The ‘politically correct’ mentality that leads businesses and local governments to avoid using the word Christmas annoys the crap out of me. Those who say that saying the word Christmas in connection with this time of year because it might offend somebody completely miss the point.
No matter what you believe or do not believe, Christmas is obviously named for a person, a very influential and well-known person. Whether Jesus Christ is your lord and savior, a messiah, a prophet, a historical figure or some random eloquent speaker from two thousand years ago with a good public relations agent, you can’t ignore the fact that his birthday is celebrated all around the world and that day is named for him.
This year’s trigger for my annual rant on this topic is an ad for Target announcing their sale on Holiday Trees. What?!?! “Holiday” trees? They mean Christmas Trees, don’t they? I don’t think there is a tree for holidays like President’s Day, Labor Day or Memorial Day. Is there an Independence Day tree? Why would anyone not call a Christmas Tree a Christmas Tree?
I’m no religion expert, but I’m quite certain that Jews don’t celebrate Hanukkah with a tree and Muslims don’t celebrate Ramadan with a tree. If you are Jewish or Muslim, you are not likely to be interested in a plastic, triangular-shaped tree to be decorated, lit and displayed the corner of your family room for one month each year. So that sale isn’t really for you anyway; it’s for people who celebrate Christmas.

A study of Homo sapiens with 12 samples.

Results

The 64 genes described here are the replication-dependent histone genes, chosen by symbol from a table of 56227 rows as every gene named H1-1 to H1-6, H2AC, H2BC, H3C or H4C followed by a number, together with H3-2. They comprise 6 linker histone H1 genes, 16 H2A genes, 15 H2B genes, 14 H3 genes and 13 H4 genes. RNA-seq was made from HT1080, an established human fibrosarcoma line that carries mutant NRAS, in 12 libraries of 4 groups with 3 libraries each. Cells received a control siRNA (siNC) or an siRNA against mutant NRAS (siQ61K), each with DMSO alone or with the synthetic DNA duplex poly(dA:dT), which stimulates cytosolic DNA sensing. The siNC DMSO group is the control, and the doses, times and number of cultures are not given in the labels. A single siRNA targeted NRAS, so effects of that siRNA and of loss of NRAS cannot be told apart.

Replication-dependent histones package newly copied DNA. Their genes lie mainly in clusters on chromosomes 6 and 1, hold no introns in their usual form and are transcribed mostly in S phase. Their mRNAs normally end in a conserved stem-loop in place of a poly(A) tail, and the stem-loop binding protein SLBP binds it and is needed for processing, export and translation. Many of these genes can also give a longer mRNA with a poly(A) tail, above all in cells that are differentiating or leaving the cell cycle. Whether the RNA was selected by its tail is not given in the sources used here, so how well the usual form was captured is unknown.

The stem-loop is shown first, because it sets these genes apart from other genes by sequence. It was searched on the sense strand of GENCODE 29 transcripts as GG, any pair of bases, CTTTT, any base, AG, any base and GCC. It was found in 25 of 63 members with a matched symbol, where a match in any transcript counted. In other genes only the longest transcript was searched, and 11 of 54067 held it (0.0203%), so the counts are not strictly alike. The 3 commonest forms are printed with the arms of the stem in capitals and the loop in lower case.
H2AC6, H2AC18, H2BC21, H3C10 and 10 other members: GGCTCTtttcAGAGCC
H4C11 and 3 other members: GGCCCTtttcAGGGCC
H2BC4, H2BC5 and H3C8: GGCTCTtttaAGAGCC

If you are not a Christian, are you really going to be offended by the word Christmas? If so, then I guess you’ll be at work December 25th each year while everyone else isn’t.
Being an American means you have the right to celebrate or not celebrate whatever you want. Public acknowledgement of our wide variety of beliefs and traditions is a good thing, an inclusive aspect of our multi-cultural salad bowl. Many groups of people, in the past and the present, celebrate around the time of the Winter Solstice. The Hopi Indians’ Soyaluna Ceremony, for example, is a sacred prayer-offering ceremony in which they pray for the New Year and wish each other prosperity and health. Hmmm, sounds like Christmas.
I believe it is important to not leave anyone out, but that does not mean ignoring anyone either. Avoiding saying the name of a celebration originally based on the dominant belief system that our country is formed on is ridiculous, especially now that the name is so much more inclusive than its origin.